News: Greatest Generation gets WWII memorial in Delaware
Story by Staff Sgt. Brendan Mackie
DOVER, Del. - Surrounded by friends, family and supporters, dozens of World War II veterans witnessed the unveiling of a state-sponsored WWII memorial during a ceremony here, Nov. 9, 2013.
“I am truly honored and very humbled to be in the presence of you great World War II veterans,” Army Maj. Gen. Frank Vavala said. “I know my father, a veteran of World War II, would be delighted that his native state, the first state, will finally dedicate a state memorial to our World War II veterans right here in the capital at Legislative Hall.”
Vavala, who serves as the adjutant general of the Delaware National Guard, told the veterans that they are truly members of the Greatest Generation.
“You selflessly preserved the world from tyranny and oppression. Your sacrifices and selfless service purchased for us the privileges of freedom, democracy and the unmatched opportunities that we enjoy in our United States,” Vavala said. “It’s real fitting that we honor you today in perpetuity through this monument.”
U.S. Sen. Tom Carper also spoke about his lineage, citing various family members who served in the Navy and Army during the worldwide conflict.
“My mom’s youngest brother Bob was a seaman in World War II. He never came home,” Carper said. “He died in a Kamikaze attack on an aircraft carrier in the western Pacific. I never got to meet him. When we talked about all those lives that were lost, that’s one of them.”
U.S. Sen. Chris Coons spoke about the 33,000 Delawareans who served in the U.S. military during the war and the civilians back at home who supported them.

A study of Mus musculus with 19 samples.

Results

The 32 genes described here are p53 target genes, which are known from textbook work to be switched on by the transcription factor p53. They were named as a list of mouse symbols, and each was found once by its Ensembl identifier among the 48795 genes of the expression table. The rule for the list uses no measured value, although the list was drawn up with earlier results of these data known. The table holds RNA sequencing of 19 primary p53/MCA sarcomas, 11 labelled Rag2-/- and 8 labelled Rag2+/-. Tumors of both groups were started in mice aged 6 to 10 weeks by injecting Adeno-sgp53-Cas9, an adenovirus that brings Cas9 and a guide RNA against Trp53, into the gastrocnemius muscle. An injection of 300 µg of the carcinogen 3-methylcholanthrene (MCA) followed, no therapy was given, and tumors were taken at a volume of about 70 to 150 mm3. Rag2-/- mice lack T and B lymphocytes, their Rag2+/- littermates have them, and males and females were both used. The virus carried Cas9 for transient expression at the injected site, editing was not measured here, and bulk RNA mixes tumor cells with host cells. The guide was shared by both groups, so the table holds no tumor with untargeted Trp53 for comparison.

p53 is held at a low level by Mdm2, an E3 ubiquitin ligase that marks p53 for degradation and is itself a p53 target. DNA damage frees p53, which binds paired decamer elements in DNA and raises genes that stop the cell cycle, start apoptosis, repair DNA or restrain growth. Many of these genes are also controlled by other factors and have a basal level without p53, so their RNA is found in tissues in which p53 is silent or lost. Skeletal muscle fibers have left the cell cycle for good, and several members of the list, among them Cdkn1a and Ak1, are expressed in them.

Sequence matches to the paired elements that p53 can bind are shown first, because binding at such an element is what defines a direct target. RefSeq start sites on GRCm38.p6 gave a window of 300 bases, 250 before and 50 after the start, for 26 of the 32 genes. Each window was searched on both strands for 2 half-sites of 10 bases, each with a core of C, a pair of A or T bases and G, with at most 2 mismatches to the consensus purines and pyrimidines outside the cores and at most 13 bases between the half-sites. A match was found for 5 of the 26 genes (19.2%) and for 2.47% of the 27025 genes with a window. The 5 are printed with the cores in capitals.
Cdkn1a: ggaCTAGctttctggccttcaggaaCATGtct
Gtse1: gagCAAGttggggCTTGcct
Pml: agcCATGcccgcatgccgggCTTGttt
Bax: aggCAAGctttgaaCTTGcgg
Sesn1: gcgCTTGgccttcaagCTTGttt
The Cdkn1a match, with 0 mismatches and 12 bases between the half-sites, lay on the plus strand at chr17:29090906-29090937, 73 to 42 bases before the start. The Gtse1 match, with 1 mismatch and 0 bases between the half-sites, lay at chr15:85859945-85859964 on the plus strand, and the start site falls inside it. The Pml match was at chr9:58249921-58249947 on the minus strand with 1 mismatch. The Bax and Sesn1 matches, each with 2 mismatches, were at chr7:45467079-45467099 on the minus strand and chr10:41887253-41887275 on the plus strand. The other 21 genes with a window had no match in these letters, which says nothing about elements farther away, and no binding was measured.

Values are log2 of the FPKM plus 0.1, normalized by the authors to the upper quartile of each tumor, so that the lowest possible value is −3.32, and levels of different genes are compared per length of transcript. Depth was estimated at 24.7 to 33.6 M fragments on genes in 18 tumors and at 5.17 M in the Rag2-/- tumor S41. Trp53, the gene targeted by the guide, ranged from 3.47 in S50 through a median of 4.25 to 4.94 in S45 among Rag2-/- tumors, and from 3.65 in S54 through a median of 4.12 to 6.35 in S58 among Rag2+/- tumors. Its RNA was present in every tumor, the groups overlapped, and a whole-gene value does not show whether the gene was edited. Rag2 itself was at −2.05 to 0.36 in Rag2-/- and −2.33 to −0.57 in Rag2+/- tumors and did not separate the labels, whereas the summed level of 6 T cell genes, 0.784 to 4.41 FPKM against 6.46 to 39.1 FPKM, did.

“The Greatest Generation was led by, inspired by, the men who took up arms and fought for us around the world,” Coons said. “But they were supported by, loved by, and cheered on by, a generation here at home - from children to seniors - who pitched in to do their part for Uncle Sam.”
The Second World War was costly for the United States and the state of Delaware was no different. More than 417,000 U.S. service members and civilians lost their lives; roughly 812 of those were Delawareans who died during the course of the conflict.
“I was in the 82nd Airborne during World War II,” said former Delaware State Rep. Jerry Unruh who served in the Army as a paratrooper and combat engineer. “We had the highest casualty rate of the [United States] divisions over there. Our division [strength] was something around like 8,000. We had a causality rate, killed and wounded, of 65 percent.”
Unruh emphasized the importance of honoring veterans for selfless service and sacrifice in support of freedom and democracy.
“We honor our veterans, let us never forget that they gave their todays so we could have our tomorrows,” Unruh said. “To our heroes, we give a heartfelt salute and offer this monument as our humble tribute.”